Do women have a choice?
As most readers are aware, American society has changed. As a result of the overall income inequality in this country over the last 30-plus years, most couples are required to work full-time in order to make ends meet. Women have also spent decades fighting for that right to work on equal footing with men. Why is it, therefore, that when two people get married, pursue equal professional careers, and decide to raise children, it is the wife who is expected to sacrifice her career, take time away from the workforce and forego income and advancement? Who says this is the way it should be? For me, this is the main obstacle that women face in this country. This expectation that women are required to be the primary caregivers in our society is the root cause of gender income inequality. It is an expectation so prevalent among us that only the strongest of 21st Century women even question its fairness.
When a woman is expected to quit her job and raise children, several things occur. Her professional career is interrupted, sometimes for many years.
During those child-raising years, she did not contribute to social security a 401 (k) plan or IRA, failed to keep up with her competition (mostly male lawyers), and when she did get a job it was at a salary far below what she should have been making if she, instead of her husband, had raised the children. What's more, from her employer's point of view, why pay her more since who's to say she doesn't take another leave of absence if she gets pregnant again? Unfortunately in America there is more fact than fiction in this television tale. The divorce rates in the U. S. are 40-50 percent and guess who ends up with the kids the majority of time? So not only have women given up a career, income and economic advancement, but a vast number of them now are required to support the kids while the ex goes off to prison or enjoy his professional success with someone younger.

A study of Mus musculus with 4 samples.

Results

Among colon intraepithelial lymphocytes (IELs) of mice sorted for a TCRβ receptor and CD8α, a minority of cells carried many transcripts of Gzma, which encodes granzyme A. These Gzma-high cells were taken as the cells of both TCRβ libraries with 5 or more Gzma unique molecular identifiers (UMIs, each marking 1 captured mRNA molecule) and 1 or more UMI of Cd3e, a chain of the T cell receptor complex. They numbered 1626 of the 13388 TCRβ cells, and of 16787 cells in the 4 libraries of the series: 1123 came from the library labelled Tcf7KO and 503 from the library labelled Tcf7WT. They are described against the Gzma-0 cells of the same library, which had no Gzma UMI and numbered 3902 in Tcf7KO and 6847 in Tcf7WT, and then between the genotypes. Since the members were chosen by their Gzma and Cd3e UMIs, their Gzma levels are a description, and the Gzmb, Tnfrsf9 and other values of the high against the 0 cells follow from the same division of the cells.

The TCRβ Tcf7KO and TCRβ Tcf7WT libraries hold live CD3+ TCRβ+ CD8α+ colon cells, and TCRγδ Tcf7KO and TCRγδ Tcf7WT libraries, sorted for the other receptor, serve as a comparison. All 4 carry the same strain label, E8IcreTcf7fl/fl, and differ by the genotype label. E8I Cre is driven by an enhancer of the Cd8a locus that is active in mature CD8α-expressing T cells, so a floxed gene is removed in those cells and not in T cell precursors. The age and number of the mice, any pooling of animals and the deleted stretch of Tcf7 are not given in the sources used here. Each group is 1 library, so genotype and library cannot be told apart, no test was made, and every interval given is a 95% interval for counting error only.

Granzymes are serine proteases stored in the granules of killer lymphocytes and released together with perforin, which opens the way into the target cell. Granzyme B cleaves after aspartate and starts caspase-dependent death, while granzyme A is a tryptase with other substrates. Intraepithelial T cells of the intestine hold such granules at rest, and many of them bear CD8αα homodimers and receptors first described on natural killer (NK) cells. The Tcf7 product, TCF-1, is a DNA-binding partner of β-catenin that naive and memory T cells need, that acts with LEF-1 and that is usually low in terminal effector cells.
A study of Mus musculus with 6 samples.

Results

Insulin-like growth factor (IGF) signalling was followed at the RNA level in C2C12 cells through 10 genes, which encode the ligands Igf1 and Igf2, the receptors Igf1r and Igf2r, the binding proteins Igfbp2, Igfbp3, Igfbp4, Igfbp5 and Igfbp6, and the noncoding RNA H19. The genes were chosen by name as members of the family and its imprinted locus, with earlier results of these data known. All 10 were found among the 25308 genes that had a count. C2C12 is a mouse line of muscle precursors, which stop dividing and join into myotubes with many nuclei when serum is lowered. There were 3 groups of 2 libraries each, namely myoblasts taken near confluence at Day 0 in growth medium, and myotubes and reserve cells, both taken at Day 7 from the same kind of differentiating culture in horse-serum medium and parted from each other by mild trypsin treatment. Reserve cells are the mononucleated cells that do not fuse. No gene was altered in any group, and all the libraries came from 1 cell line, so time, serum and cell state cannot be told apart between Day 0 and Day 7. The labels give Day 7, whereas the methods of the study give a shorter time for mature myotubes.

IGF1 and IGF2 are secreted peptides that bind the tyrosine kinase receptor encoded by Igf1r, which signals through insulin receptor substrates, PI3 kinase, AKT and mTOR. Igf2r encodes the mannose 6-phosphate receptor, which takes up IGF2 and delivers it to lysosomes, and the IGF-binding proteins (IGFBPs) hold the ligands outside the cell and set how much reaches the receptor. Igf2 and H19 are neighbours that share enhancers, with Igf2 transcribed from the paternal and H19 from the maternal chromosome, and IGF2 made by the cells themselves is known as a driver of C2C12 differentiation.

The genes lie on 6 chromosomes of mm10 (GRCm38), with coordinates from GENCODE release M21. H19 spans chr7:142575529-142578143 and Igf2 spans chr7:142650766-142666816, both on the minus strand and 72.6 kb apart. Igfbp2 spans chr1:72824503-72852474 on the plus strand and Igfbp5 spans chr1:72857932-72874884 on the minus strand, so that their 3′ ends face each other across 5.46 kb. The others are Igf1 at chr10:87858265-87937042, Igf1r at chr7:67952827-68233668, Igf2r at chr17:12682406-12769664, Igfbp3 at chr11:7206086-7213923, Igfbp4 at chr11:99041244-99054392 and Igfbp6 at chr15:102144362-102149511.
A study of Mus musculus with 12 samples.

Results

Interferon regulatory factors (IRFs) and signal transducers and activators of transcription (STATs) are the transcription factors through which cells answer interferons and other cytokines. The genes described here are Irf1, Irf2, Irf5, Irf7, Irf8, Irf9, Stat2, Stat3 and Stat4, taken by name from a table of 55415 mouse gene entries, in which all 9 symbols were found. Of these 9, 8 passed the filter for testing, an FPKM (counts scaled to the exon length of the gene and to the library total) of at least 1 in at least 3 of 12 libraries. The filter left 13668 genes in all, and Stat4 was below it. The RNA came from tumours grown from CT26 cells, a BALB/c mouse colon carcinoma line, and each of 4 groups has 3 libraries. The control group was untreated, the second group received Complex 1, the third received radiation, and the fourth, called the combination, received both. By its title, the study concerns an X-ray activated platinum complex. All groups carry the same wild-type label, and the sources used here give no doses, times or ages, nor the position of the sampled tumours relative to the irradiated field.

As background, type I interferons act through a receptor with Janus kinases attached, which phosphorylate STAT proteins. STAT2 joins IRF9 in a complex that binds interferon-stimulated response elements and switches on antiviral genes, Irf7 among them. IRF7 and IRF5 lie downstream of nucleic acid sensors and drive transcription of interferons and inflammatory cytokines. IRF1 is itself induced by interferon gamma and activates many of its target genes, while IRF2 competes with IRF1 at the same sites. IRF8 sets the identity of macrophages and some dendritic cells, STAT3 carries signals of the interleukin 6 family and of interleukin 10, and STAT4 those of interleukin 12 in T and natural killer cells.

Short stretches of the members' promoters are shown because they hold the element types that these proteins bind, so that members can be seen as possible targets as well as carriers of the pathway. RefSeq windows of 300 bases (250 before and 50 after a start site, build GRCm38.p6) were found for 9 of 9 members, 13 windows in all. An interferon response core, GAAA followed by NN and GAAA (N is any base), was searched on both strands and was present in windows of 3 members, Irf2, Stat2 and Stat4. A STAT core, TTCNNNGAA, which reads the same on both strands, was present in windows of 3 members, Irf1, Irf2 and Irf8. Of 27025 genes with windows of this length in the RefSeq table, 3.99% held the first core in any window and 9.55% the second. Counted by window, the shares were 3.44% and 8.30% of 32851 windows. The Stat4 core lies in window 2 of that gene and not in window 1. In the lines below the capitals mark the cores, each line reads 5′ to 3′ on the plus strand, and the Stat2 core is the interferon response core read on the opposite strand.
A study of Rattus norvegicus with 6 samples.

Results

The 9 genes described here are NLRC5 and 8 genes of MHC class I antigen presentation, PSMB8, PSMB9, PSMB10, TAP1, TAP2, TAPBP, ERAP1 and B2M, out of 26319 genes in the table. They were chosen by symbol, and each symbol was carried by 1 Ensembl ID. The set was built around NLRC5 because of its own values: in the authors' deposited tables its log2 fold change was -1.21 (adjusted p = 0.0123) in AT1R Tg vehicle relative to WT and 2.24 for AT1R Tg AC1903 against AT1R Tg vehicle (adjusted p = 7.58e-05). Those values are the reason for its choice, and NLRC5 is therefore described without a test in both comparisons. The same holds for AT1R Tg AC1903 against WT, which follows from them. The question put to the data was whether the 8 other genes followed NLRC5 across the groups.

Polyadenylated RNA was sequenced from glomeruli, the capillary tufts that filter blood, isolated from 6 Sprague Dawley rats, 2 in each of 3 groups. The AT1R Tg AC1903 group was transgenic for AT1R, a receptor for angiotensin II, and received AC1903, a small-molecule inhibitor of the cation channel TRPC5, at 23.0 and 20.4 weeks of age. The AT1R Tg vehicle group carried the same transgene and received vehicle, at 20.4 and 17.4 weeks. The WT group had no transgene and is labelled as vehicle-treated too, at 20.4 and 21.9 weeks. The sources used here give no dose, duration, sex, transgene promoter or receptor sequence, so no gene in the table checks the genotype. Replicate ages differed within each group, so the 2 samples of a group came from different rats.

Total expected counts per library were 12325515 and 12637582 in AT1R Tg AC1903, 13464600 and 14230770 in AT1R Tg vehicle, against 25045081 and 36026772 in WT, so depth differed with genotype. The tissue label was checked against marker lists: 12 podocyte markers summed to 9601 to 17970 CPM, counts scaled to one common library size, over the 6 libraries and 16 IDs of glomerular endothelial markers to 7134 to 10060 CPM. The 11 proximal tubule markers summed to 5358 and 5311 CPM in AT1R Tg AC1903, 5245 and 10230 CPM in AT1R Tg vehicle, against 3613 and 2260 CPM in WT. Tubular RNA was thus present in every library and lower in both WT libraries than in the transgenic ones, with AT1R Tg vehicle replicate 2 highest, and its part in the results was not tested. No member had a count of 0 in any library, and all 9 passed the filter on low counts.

But let's say you are one of the lucky ones with a happy marriage. Whether you like it or not, with the kids grown, you probably still need to go back to work to make ends meet in this economy. But the chances of getting more than the minimum wage job are slim at best. It explains why women represent more than 62 percent of minimum wage workers.
Many of these women are divorced, have children to support, or just as important, they are widowed. You might find it surprising to discover that over 75 percent of women in this country are widowed at an average age of 56. One in four of these women are broke within two months of being widowed, according to the National Center for Women and Retirement Research. More often than not, their only avenue of support is low paying jobs with no future.
So it appears that blaming women for the choices they make as an explanation for gender income inequality would be laughable if the present state of inequity were not so serious. The solution to this injustice goes far beyond raising the minimum wage, but at least it would be a step in the right direction.
Bill Schmick is registered as an investment advisor representative and portfolio manager with Berkshire Money Management.